How to Create a Lasting Memory
Ever wonder why some memories remain vivid for years while others fade away like a summer tan? The answer is emotion. Occasions like weddings and birthdays are obvious examples of sentimental events that are easy to recall but sometimes the moment is a little less grand – less expected. The emotion might come bubbling to the surface at the glimpse of a spectacular sunset or wash over you in waves after a chance meet with a stranger. Either way, the memory charged with emotion is richer in detail and easier to recall than the one that hasn’t been linked to a strong feeling.
Powerful memories are also associated with the pleasure of sharing truly good food and wine. For many of us, the sight, taste and especially smell of a particular food can hit us like a neutron bomb, triggering memories so potent they could have happened yesterday.
Every now and then you may be lucky enough to have both memory-enhancing factors fire simultaneously and, when they do, you’re guaranteed a memory that will last a lifetime.
That’s what happened to me last weekend when I had the good fortune to be invited to a magnificent, multi-chef collaborative dinner at Old Vines Restaurant, located in one of Canada’s foremost wine regions, the Okanagan Valley.
Start with an Evocative View
Aside from their obvious visual appeal, some vistas are so stunning that they have the power to stir your soul.
There is a place where the Highlands and Lowlands of Scotland meet that will stay with me forever. I was standing at the castle gates on a damp November morning, looking across the river to Wallace Monument, where it jutted from the crag like a rocket ready to launch. The history there was as thick as the Scottish mist, and the melancholy it stirred in me remained long after I left Sterling for Inverness. Across the Channel a few years later and out of breath from the climb, I leaned out over the edge of one of Paris’ most famous monuments and was astonished to see the chaos below. In Europe’s craziest roundabout, history and modernity were on a collision course as a dozen 19th-century boulevards converged into ten lanes at the base of the Arc de Triomphe; a situation made utterly insane because the right-of-way belongs to the vehicles entering the circle. As I watched on that hot summer night, car horns blared and the wind whipped my hair. With my cheeks stinging and my ears ringing, I felt intensely alive.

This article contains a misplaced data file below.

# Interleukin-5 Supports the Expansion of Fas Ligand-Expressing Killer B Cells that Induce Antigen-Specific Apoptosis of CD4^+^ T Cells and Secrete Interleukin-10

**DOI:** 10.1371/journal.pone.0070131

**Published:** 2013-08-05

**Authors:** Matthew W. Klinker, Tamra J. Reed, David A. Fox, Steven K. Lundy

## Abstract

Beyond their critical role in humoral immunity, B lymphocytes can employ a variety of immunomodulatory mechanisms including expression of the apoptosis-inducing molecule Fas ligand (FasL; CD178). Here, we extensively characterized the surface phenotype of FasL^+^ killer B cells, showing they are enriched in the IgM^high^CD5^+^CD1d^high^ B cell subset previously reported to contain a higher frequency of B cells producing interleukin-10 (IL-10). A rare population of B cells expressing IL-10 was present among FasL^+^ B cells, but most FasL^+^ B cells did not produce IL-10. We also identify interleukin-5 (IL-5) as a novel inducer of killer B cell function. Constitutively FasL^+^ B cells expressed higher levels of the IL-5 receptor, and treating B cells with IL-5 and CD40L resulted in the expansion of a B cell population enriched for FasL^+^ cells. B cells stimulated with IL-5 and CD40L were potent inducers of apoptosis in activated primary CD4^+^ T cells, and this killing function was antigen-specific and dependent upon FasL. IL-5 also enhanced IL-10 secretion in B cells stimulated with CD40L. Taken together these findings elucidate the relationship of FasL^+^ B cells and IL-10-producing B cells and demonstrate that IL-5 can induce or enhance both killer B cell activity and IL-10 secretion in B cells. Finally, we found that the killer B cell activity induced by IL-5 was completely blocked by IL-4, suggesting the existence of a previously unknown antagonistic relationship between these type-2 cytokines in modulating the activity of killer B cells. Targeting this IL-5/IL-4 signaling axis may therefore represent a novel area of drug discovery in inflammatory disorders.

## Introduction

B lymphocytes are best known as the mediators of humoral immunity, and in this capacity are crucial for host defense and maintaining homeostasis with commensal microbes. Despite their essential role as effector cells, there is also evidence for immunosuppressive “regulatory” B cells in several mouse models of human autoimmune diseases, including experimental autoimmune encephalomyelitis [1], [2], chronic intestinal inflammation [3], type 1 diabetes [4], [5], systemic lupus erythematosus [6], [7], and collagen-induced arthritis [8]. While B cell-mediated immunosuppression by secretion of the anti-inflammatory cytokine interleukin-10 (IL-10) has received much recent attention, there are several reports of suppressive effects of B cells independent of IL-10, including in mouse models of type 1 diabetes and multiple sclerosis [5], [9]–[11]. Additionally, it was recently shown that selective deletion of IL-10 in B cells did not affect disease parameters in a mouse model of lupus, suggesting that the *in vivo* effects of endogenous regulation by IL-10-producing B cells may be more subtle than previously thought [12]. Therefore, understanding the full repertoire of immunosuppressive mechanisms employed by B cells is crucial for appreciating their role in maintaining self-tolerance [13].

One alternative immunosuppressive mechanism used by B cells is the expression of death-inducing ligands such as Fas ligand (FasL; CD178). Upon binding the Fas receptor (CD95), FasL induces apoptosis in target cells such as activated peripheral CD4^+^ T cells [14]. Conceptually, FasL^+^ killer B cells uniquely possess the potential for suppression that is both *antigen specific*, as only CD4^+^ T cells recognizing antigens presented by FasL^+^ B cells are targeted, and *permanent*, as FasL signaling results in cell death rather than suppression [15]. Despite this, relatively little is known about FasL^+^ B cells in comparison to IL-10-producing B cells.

In both cases, it wasn’t the view that made the moment unforgettable. It was the feeling it evoked.
Last weekend, as I admired the splendid panorama of Lake Okanagan from the south-facing slope at Quails’ Gate Winery, I couldn’t help but appreciate how Old Vines Restaurant has capitalized on their spectacular vineyard setting. With a lovely terrace and floor-to-ceiling windows in the dining room, guests never have to take their eyes off the gorgeous scenery. Near the end of the evening, Kathy (a TV producer from California and all-around fabulous person to be seated next to at a dinner party) remarked on how late the sun set in the summer months this far north. It was nearly 10:00 pm when we looked out the window at the outline of Okanagan Mountain, still visible in the dusk, and that’s when I felt it.
Gratitude. Immense gratitude. This is where I live!
Photo Courtesy: Quail’s Gate Winery
Photo Courtesy: tourismkelowna.com
Then Add an Epic Meal
On July 19, Chef Roger Sleiman of Old Vines Restaurant collaborated with farm-to-table guest Chefs Chris Whittaker of Forage, Vancouver and Andrew Winfield of Calgary’s River Café to present a special dinner featuring inventive wine-country cuisine; each dish of the multi-course meal paired with carefully chosen, celebrated BC Wines.
Food and drink this incredible, in a setting this intoxicating, are not likely to be forgotten any time soon.
Photos Courtesy: Dina Honke
The best thing about memories is making them.
Laura Goyer, CCTP
Digital Content Creator
Laura is a world traveler and culinary travel professional on a mission to help busy prime-time women find the best local food when they travel.